I'm happy to announce that two of us blogging buddies from Writers Plot have finally met. More accurately, some of us know each other separately, but we've never crossed paths since we joined forces in these cyberpages. This weekend two of us actually wound up face to face for the first time. I supply the evidence: Jeanne Bracken and Sheila Connolly, at the New England CrimeBake conference this past weekend.

Lee_child_photo Oh, right, there's someone else in the picture. What's he doing, muscling into our picture? He happens to be none other than Lee Child, the conference's honored guest.

The conference is organized each year jointly (and very well!) by the New England chapters of Mystery Writers of America and Sisters in Crime, and draws a couple of hundred or so mystery writers (anyone with real numbers, feel free to step up here–I was too bewildered to count). There are workshops and lectures and seminars and book signings and agent pitches. And there is a keynote speaker. I'm relatively new to all of this, so I have attended only two prior CrimeBakes, at which the speakers were, in sequence, Tess Gerritsen and Lisa Scottoline, both of whom were warm, funny, and happy to talk to anyone and everyone.

This year the Big Guest was Lee Child. Like his predecessors, he was funny (in a dry British way) and willing to talk–in fact, he attended most of the scheduled events, brave man. But there was something different about this year. Oh, that's right–he's a man, and most of the conference attendees are women. And most of the women in the room, who have read any of Child's books, secretly hanker after his knight-errant hero, Jack Reacher. You can imagine the result: a banquet roomful of (mostly) women hanging on Child's every word.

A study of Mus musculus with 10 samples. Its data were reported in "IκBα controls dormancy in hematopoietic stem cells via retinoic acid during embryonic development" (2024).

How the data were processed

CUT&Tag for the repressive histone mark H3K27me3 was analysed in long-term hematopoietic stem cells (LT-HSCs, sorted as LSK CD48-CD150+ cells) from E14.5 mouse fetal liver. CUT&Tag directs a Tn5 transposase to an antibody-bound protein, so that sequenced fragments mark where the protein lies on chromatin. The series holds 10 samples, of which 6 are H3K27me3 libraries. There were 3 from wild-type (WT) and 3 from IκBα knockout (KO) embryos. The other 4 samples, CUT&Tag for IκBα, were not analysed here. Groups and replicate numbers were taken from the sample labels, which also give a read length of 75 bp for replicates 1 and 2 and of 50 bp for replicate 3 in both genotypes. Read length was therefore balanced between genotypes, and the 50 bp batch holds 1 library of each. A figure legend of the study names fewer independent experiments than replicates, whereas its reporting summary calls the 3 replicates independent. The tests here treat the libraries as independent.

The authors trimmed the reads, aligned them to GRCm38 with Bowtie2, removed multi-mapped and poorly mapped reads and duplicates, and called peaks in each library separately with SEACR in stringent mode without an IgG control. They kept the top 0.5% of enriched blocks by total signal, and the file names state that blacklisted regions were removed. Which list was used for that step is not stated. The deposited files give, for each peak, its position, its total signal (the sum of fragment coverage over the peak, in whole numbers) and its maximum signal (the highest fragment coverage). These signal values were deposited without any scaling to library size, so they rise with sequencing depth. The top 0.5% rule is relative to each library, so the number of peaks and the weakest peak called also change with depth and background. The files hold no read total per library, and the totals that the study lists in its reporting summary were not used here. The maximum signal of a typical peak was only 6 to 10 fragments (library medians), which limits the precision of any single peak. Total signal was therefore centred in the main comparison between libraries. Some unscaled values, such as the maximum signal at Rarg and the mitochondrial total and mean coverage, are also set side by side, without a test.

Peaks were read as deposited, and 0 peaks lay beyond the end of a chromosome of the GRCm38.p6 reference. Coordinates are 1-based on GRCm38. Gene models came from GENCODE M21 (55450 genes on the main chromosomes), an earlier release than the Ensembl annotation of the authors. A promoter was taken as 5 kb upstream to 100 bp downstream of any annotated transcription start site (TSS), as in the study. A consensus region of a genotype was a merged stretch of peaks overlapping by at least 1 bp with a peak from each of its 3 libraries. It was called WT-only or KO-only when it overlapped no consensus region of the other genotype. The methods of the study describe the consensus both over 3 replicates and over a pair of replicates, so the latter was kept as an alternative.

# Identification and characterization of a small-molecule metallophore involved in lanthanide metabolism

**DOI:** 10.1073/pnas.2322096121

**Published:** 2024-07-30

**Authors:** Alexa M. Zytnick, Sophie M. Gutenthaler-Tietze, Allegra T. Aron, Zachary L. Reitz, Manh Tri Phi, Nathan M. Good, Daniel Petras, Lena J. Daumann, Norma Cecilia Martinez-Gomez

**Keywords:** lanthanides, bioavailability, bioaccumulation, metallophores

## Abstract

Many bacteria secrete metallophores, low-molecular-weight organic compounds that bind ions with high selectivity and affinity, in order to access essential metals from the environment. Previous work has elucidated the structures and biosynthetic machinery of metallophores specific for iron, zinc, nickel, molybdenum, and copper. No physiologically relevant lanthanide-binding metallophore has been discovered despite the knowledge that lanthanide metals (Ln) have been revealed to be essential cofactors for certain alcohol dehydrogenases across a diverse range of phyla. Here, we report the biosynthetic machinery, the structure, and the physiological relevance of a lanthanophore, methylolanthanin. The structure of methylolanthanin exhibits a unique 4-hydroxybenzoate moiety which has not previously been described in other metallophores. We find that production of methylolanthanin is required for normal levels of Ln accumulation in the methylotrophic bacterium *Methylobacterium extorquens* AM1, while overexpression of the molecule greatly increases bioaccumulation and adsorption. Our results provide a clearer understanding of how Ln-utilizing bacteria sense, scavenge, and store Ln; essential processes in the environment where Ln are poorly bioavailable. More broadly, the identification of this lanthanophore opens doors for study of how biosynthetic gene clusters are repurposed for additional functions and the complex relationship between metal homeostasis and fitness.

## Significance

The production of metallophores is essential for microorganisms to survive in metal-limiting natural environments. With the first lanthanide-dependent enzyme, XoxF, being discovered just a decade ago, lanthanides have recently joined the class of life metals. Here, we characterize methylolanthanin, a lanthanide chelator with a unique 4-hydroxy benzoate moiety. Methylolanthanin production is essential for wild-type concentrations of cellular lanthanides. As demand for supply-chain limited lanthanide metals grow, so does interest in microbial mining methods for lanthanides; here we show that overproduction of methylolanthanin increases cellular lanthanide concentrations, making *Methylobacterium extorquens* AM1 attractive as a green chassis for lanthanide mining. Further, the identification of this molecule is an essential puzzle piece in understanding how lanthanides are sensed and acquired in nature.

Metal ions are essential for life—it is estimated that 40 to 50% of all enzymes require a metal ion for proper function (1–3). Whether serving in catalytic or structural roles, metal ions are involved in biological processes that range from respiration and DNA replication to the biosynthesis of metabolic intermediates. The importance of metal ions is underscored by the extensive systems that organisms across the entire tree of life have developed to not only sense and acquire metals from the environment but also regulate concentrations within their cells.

The mystery writers who attend this conference, published or not, are serious about their craft. They want to learn, and they want to network, both important components of carving out a writing career. And most of them want to get the details right–what a gun feels like when it fires, how to make your protagonist's rage or terror believable, how to craft your sentences to keep the reader interested and turning the pages. These are intelligent, thoughtful, creative people and they work hard. So it is a treat for this group to listen to a successful writer talk cogently about the process by which he creates a series of books that appeals to a broad audience, including both men and women, literari and rednecks. Not easy to do, as we all know.

How does he do it? Would that there were a simple formula (but that would take all the fun out of it, wouldn't it?). But I think there's a clue offered by the CrimeBake banquet, held on Saturday night, where in a mock trial Jack Reacher was tried for murder. Two skilled lawyer/writers presented both sides of the case, and the defendant was given the opportunity to speak for himself. Then the case was turned over to the jury–all the people in the room. Each table deliberated independently and presented its verdict...and the verdict was split across the board. Hung jury.

Which tells me that Jack Reacher is a complex, three-dimensional character whose creator places him in difficult situations and allows him to makes human and possibly flawed decisions. And that's what keeps us coming back for more.